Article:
Students complain of ‘bad advice for their degree and career path’ Student Room 2014

Thousands of pupils in the UK are being given scant or wrong advice about the best A-level subjects to study to gain a degree place, a survey has found.

The study by The Student Room online forum suggests many students have poor guidance on what to take at A level. Of more than 6,000 students in the study, hundreds said they found they had taken the wrong subjects to access a chosen university course or career. The Student Room called it a "black hole" in school careers advice.

‘Careers guidance in schools not working well enough’ Ofsted press release 2013

“A report published by Ofsted finds that the arrangements for careers guidance in schools are not working well enough. Three quarters of the schools visited for the survey were not implementing their duty to provide impartial careers advice effectively. The survey also finds that guidance for schools on careers advice is not explicit. The report examines the quality of careers advice since September 2012 when schools were given the legal responsibility to provide this service to students aged 14 – 16. The survey looked at the extent to which young people in this age-range were receiving impartial careers advice in order to make informed decisions about their future. Very few of the schools visited knew how to provide a service effectively or had the skills and expertise needed to provide a comprehensive service. Few schools had bought in adequate service from external sources.”

And what about the Government’s Flagship – The National Careers Service. “Nearly all of the students interviewed who were aware of the website, told inspectors that it offered nothing different from other similar sites and the large majority felt it was mostly aimed towards adults and employment.

Helping the inbetweeners – www.barnardos.org.uk/helping_the_in_betweeners.pdf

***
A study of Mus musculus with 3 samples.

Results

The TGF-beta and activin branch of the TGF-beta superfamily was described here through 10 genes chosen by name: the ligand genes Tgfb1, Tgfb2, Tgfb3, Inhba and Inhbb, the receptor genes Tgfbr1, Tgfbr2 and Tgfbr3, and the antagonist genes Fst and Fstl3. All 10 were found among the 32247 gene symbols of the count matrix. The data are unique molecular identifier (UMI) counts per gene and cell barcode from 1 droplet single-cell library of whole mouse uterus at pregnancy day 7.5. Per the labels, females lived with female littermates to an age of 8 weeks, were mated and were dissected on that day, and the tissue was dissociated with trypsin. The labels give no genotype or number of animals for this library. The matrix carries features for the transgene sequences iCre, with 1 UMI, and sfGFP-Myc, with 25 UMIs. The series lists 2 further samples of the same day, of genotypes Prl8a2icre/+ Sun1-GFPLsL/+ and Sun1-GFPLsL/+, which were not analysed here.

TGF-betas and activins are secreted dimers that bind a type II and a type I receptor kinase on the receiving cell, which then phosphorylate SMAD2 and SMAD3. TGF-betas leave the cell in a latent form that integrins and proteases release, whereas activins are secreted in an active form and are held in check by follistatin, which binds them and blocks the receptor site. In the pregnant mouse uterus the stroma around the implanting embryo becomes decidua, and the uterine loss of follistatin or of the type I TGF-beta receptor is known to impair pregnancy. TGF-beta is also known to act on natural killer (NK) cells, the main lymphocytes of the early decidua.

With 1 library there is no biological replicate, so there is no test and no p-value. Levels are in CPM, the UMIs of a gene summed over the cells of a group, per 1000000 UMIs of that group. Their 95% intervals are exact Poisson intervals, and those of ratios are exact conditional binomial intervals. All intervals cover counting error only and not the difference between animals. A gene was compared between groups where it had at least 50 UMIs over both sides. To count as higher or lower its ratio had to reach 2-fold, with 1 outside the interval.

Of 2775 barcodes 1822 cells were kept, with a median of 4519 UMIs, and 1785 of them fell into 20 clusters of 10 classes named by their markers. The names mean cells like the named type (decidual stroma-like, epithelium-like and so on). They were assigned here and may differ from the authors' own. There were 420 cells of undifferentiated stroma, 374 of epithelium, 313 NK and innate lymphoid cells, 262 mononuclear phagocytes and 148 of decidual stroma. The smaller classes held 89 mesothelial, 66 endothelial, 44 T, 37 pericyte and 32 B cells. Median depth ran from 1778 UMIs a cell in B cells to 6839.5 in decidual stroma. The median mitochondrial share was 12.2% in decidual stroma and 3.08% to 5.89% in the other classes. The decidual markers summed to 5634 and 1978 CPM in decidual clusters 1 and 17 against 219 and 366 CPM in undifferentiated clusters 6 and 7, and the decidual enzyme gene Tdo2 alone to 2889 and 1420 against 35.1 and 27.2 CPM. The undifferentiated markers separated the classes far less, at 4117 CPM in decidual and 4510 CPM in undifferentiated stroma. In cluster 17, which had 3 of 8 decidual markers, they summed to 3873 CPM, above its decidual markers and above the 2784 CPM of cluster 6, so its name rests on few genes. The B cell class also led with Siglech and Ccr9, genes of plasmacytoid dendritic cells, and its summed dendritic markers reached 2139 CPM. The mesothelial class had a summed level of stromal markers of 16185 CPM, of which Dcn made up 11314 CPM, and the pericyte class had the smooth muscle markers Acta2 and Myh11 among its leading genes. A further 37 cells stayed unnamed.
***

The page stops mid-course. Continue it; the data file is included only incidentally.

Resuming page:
Barnardo’s produced this similar report due to concerns over the decline in careers advice for young people revealing that “these services are not reaching young people – some young people saying that their school provide few face-to-face careers advice sessions and, in some case, NO 1 to 1 guidance took place.

Her Majesty’s Chief Inspector, Sir Michael Wilshaw said: “'It is vitally important that young people have access to information on the full range of career pathways available so they can make informed choices about their next steps.”

“Following a public consultation in 2012 on extending access to careers guidance, all further education (FE) colleges and sixth form colleges will be subject to a new requirement to secure access to independent careers guidance from September 2013. This is being introduced alongside an extension of the age range of the existing careers duty on schools to years 8-13 and will form part of FE college and sixth form college funding agreements.

Independent careers guidance secured under the new requirement should:

  • motivate young people about the full range of further/higher education, training and employment opportunities available to students, enabling them to reach good career decisions.
  • be provided in a supportive impartial manner.
  • promote the best interests of the student to whom it is given.”

In many instances this is not happening.